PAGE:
It’s been 10 years, and Derek Jeter’s words still linger. They’ve lingered with Brian Roberts through more than a thousand Major League games. They’ve stuck through injuries and setbacks; through All-Star games and nearly 1,500 career hits.
“I think it was maybe 2004,” Roberts said. “I was on second or something and he just said, ‘You can hit .300 in this league.’ That was kind of (powerful) to hear it from someone like that. It just kind of opens your eyes. I don’t think it’s just me — I think he does it to everybody — but for some reason, when he tells it to you, you think you’re the most important person in the world.”
On Monday, when Roberts walked into the Yankees spring training clubhouse for the first time, he found his locker next to Jeter’s. They’ve spent 13 years playing against one another in the American League East, they spent a handful of days as teammates in the World Baseball Classic, and now they’ll be together for Jeter’s final season.
Roberts is 36, only three years younger than Jeter, but he broke into the big leagues six years later. At that point, Jeter had four World Series rings. Roberts was just trying to keep his head above water.
“(Jeter)’s meant a ton to me even though I only played about five games with him in the WBC as teammates,” Roberts said. “He’s just always been that guy that encouraged me from the other side. I played against him obviously a ton. One of those guys that early in my career really actually helped me believe that I could play here at this level and play well.”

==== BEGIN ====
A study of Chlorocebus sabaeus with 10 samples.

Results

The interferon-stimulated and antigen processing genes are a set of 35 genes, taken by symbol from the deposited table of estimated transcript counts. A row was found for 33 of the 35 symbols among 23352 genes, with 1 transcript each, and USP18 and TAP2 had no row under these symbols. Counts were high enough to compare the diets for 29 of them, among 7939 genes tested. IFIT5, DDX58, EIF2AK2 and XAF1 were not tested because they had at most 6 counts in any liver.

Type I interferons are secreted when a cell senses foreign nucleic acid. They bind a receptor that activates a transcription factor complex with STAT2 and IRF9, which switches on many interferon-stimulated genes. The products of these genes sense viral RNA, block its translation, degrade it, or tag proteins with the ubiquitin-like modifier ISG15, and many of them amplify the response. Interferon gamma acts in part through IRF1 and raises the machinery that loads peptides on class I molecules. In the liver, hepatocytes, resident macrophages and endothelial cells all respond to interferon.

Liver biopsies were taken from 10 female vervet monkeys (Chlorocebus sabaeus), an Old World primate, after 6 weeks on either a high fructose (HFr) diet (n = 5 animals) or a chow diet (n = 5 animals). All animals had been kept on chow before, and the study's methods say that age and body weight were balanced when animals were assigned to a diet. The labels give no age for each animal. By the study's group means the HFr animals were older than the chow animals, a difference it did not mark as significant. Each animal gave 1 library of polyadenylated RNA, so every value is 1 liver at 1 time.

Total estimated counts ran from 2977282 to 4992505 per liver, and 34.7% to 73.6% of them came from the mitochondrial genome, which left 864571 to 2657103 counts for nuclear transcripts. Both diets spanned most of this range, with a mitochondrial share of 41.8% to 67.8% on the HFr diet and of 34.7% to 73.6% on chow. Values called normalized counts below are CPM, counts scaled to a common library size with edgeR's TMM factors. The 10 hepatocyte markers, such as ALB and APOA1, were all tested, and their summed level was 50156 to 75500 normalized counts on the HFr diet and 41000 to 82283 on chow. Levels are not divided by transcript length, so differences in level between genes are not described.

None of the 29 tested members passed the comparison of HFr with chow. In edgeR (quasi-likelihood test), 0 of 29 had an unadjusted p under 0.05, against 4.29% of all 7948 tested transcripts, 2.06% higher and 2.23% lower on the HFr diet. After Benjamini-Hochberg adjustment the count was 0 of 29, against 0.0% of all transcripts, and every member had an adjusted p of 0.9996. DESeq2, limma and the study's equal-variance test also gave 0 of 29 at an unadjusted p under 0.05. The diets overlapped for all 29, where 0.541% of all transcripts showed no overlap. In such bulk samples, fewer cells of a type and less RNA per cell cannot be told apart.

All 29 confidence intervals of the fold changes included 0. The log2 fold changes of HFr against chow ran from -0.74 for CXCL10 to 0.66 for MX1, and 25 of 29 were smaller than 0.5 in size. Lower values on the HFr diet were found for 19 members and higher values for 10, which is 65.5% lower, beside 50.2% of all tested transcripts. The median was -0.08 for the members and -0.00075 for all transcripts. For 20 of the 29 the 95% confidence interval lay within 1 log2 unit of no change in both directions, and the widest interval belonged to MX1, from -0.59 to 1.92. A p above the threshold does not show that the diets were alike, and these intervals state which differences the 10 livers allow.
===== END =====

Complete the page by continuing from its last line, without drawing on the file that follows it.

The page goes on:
And Roberts has played well. The year after Jeter’s .300 comment, Roberts hit .314 and made his first All-Star team. He’s twice led the league in doubles. Once led in stolen bases.
But the Yankees were able to sign him for just $2 million because his past four seasons have been a nightmare of concussions, back injuries and a torn hamstring tendon. The man essentially hired to replace Robinson Cano at second base has averaged just 48 games the past four seasons.
“I know he hasn’t played a full season in the last few years, he’s obviously a guy who has some age on him too,” manager Joe Girardi said. “But my plan is to run him out there every day.”
Actually seems like a pretty good fit in this infield full of questions about Jeter’s mobility, Mark Teixeira’s health, and Kelly Johnson’s transition to third base. It’s a new experience for a Yankees team that just five years ago had one of the best infields in baseball history with Teixeira, Cano, Jeter and Alex Rodriguez.
Now it’s an infield with something to prove, and Roberts has a spot right next to one of his biggest supporters.
“I had the opportunity to play with Cal (Ripken Jr.) his last year,” Roberts said. “So I’ve seen kind of that whole thing play out before, and that was an amazing experience to walk those last few months with Cal. … There’s such a select few guys that have meant what they’ve meant to the game, and it’s going to be an incredible experience to play with (Jeter) this year.”